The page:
Travels to New York City Via Instagram
October 21, 2013 by Robin Plaskoff Horton
It may be my backyard, but whenever I’m in New York City I like to view it as though I’m visiting it for the first time. Join me on a visual and virtual journey to one of my favorite cities. No need to wear comfortable shoes or make sure your tray table is in the upright position.
No matter how many times I have seen it–and there have been many–I feel a little rush every time I gaze at Grand Central Terminal aglow with the magnificent Chrysler Building as a backdrop. And thank you Hyatt Hotels, your glass facade frames the whole thing very well.
In Main Concourse of the landmarked Grand Central Station, the American flag hangs beneath an illustrious cerulean blue ceiling whose gold leaf mural of about 2500 stars depicts the zodiac backwards. Legends abound about why it’s that way.
Some say the ceiling’s artist, French Post-Impressionist painter Paul César Helleu, simply made a mistake but one legend says he followed a medieval manuscript showing the heavens from “God’s-eye view beyond the spheres” and another says he was painting from maps held upside down. Frankly, in the all the times I have looked up in awe at that illuminated ceiling, I never noticed the constellation was reversed…
Like many of the cities in which I have wandered, strolled, even headed deliberately somewhere, I always happen upon something interesting or quirky. I can’t remember where it was now, but when I walked by this hand-painted “Berried Treasures” sign, I had to capture it.
Yep, like I said, there is always a little something that stops me in my tracks–like this grass covered bike planted by some anonymous guerrilla gardener.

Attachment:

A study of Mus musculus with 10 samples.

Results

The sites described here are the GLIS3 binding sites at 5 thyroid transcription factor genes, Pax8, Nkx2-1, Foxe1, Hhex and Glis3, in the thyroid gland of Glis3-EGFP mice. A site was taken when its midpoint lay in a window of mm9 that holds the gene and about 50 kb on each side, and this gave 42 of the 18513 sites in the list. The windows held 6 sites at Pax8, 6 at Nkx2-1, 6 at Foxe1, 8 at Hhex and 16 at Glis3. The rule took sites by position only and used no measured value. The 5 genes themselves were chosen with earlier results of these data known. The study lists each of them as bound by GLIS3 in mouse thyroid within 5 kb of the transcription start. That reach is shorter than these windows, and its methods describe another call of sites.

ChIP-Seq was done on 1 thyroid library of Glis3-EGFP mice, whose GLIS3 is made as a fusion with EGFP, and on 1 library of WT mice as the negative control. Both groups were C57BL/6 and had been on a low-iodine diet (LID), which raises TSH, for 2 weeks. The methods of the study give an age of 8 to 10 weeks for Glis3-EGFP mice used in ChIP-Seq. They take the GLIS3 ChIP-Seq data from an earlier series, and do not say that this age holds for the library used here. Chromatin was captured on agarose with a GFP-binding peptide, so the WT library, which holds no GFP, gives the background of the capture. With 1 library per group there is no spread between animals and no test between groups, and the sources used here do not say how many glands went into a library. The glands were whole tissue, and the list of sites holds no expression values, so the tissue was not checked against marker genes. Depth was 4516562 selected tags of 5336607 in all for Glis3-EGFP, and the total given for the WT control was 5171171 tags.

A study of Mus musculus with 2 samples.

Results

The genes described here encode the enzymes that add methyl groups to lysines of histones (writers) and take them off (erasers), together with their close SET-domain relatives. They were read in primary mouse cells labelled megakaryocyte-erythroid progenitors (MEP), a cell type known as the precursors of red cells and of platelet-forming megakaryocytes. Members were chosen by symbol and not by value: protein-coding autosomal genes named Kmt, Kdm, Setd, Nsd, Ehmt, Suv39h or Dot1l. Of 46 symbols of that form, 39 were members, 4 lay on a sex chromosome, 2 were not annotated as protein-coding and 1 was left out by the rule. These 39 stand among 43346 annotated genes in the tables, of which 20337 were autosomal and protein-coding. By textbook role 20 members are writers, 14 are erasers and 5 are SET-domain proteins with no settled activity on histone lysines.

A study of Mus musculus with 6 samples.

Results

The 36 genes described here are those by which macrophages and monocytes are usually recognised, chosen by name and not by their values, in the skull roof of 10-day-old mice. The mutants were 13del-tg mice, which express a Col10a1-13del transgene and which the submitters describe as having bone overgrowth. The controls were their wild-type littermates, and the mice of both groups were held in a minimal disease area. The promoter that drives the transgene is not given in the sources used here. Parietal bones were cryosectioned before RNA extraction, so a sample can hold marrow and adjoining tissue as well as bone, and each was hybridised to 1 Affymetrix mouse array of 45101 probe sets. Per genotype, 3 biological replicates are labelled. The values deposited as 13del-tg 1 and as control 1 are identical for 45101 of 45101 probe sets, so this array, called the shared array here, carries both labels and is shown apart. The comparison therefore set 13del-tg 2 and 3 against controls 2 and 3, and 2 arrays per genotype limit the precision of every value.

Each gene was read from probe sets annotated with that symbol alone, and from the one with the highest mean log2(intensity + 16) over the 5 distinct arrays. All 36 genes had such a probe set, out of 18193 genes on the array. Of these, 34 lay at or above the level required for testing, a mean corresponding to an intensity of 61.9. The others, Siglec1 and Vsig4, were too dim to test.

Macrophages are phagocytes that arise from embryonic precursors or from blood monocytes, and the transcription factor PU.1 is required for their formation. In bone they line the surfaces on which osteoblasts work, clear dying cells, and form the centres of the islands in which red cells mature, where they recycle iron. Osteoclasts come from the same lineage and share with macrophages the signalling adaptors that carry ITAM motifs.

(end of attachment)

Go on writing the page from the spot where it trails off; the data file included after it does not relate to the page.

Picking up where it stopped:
The outdoor promenade running the length of Rockefeller Center’s Channel Gardens is always filled with tourists but in the spring it is also filled abundantly with tulips. Water spouts from the mouth of a fish fountain, one the of many bronze creatures including tritons and dolphins, which are the work of sculptor René Chambellan.
I have admired many of Anthropologie’s wonderful window displays, but their store by Rockefeller Center always intrigues me for the natural double exposures visible when reflections of city life get juxtaposed with the goods inside, like the baskets of faux but pretty eggplants or the “support urban gardening” window below.
In Northern Manhattan’s Fort Tryon Park, a short walk from The Cloisters museum & gardens, Bette Midler’s New York Restoration Project runs the New Leaf Restaurant and Bar. When I was there for Sunday brunch (which I recommend) it was still too chilly to dine outdoors in the garden patio, but indoors through the bar’s arched window I noticed this city view peeking out behind colorful bottles of booz. Another Bloody Mary please.
The Divine Miss M’s green non-profit is dedicated to transforming the city’s open space in underserved communities to create green and sustainable spaces. In partnership with the city, the NYRP also leads MillionTreesNYC, an initiative aimed at planting a million new trees throughout New York City by 2017.
I love these sorts of experiences in which I get to feel like a tourist on my own turf!